Pump stations are vital to the working operations of any golf course or large landscape property. Even with proper maintenance, there will come a time when the pump station will need to be replaced due to worn-out parts, component obsolescence, or, more commonly, rust.
Superintendents and operators should be aware of the telltale signs of when replacement is imminent. Thanks to new developments and features, today’s pump stations offer superior levels of energy efficiency, pressure and water management, and program customization with the irrigation central controls.
Wear and tear
Preventative maintenance measures as simple as sanding off rust and repainting components will extend the pump station’s life. Other steps — such as monitoring pump motor oil levels, adjusting leaky packing, checking pump performance, lubricating valve handles that may have rusted in place, checking for frayed wiring and cleaning filter screens — can help extend a pump station’s life, but eventually nature will take its toll on an older unit. Newer units will be more energy efficient and more cost effective to operate, but nothing is more valuable than performing quarterly or bi-annual preventative maintenance inspections.
Pump stations are sometimes located in harsh environments, which means they are susceptible to extreme conditions. Water, no matter the source, will lead to rusting of the pump station’s metal structure. Sometimes this only affects the physical appearance of the unit, but other times the rust will eventually crumble the supporting structure — leading to full replacement.
Water with high sodium or chloride can contribute to how quickly a station will deteriorate. Also, water with heavy concentrations of particulates will wear down the pump impellers leading to a shortened service life.
To combat rust, manufacturers have started offering aluminum, special-quality vinyl coatings, and even stainless-steel options for pump stations, as well as specialized coatings on the inside surface of the piping to help lessen the effects of corrosive elements in some water sources. Stainless steel is used on pump stations where harsh weather conditions and salt impact the unit.
The life cycle of a pump station is approximately 20 to 25 years, but in areas where it is working year-round, such as Arizona, the lifespan is usually shorter. In most areas, the unit will run seven to 10 months of the year.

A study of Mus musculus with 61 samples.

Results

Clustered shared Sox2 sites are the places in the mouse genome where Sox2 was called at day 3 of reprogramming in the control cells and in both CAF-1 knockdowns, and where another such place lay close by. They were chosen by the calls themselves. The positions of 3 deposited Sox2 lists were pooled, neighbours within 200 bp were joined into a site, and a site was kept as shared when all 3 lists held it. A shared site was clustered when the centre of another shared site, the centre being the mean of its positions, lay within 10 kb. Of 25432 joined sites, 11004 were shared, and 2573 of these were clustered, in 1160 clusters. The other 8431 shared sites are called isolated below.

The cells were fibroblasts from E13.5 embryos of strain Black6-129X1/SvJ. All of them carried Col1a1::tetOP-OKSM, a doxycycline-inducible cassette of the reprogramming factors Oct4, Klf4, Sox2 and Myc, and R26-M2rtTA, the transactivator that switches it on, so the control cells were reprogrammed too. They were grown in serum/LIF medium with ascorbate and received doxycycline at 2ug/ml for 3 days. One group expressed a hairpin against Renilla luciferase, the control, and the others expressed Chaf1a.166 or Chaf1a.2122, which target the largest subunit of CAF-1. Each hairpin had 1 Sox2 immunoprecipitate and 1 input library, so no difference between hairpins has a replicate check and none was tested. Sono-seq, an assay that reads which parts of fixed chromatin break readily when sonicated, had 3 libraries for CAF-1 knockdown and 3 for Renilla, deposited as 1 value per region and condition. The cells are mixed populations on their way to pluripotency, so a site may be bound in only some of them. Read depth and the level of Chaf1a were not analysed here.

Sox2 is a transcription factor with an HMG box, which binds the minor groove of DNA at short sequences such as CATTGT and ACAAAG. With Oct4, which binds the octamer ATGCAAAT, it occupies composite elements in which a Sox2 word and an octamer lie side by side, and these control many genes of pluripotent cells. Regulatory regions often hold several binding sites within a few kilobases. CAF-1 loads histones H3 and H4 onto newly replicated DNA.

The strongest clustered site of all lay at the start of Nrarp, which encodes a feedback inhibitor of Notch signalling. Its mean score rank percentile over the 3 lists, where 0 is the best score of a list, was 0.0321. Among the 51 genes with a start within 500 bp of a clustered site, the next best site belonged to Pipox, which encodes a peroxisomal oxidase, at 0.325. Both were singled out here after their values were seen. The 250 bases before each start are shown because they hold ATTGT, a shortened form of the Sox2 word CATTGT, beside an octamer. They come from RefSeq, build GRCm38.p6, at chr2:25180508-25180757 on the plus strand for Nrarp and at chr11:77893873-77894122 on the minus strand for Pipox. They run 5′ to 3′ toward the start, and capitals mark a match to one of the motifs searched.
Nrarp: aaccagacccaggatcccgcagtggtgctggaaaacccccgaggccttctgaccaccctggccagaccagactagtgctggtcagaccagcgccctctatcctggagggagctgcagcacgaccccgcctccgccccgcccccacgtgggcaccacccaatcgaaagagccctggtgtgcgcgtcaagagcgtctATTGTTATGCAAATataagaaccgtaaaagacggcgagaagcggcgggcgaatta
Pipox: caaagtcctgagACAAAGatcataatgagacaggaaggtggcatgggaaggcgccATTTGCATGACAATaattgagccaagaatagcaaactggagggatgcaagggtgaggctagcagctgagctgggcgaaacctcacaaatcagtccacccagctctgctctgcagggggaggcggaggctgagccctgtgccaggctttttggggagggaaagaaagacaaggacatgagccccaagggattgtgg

Other signs of replacement include water leaking through weakened connections, distortion of exterior motor components or housing, degradation in pumping efficiency or flow, and units that employ dated technology. With industry advancements in water management and energy efficiency, older motors are not in line with the efficiency standards of newer premium efficient models. Sometimes it can be possible to retrofit units with new pumps and motors, as well as upgrade the control panel, but many times there are compatibility issues making full replacement the only option.
During the past 30 years, irrigation and pump technology has improved considerably, with the biggest advancements in controls.
Irrigation controllers such as aging electro-mechanical were engineered with no program flexibility, but newer digital units are highly customizable to meet any variety of water needs making them adaptable to local water conservation guidelines and personalized landscape designs. This customization ensures that each micro-climate remains watered to optimal levels, while conserving where possible. More advanced systems even use satellite weather data to provide the user with daily evapotranspiration values to better manage water use.
New pump software programs manage power and efficiency better than ever before with the use of variable frequency drives (VFD). VFD technology enables the control of the AC motor speed and torque by varying the input frequency and voltage to match the system demands. As demand increases, the VFD speeds up, which improves control efficiency and optimizes flow. These pump software programs and better integration with irrigation controls can make today’s pump stations up to 30 percent more efficient than those from 20 years ago.
If a station is in need of replacement, the best time to schedule it is when the unit is not in high demand, usually the winter. Even if the pump station needs to be replaced during the summer months, superintendents or operators will seek other options to avoid downtime on their courses. Often, superintendents or operators will work with their pump service providers on a short-term fix until the end of the season. It typically takes two to three days to remove an old station and install the new one. A welder, electrician and pump service technician will need to be onsite to ensure proper fit and operation.
The technological advantages of today’s pump stations make replacement a good option for many courses or properties with aging units. Assess the units to weigh the cost of upgrading against the cost of a repair and maintenance of the current station(s). Additionally, updated systems also contribute to increased energy efficiency and result in cost savings. Contact a sales provider to discuss the customizable and programmable options that are available.
Dan Gregg is the central regional sales manager for Flowtronex Prepackaged Pump Stations, a Xylem Applied Water Systems brand. He is a registered landscape architect, Texas Licensed Irrigator and EPA Water Sense partner with more than 35 years of experience in landscape irrigation design, consultation and sales.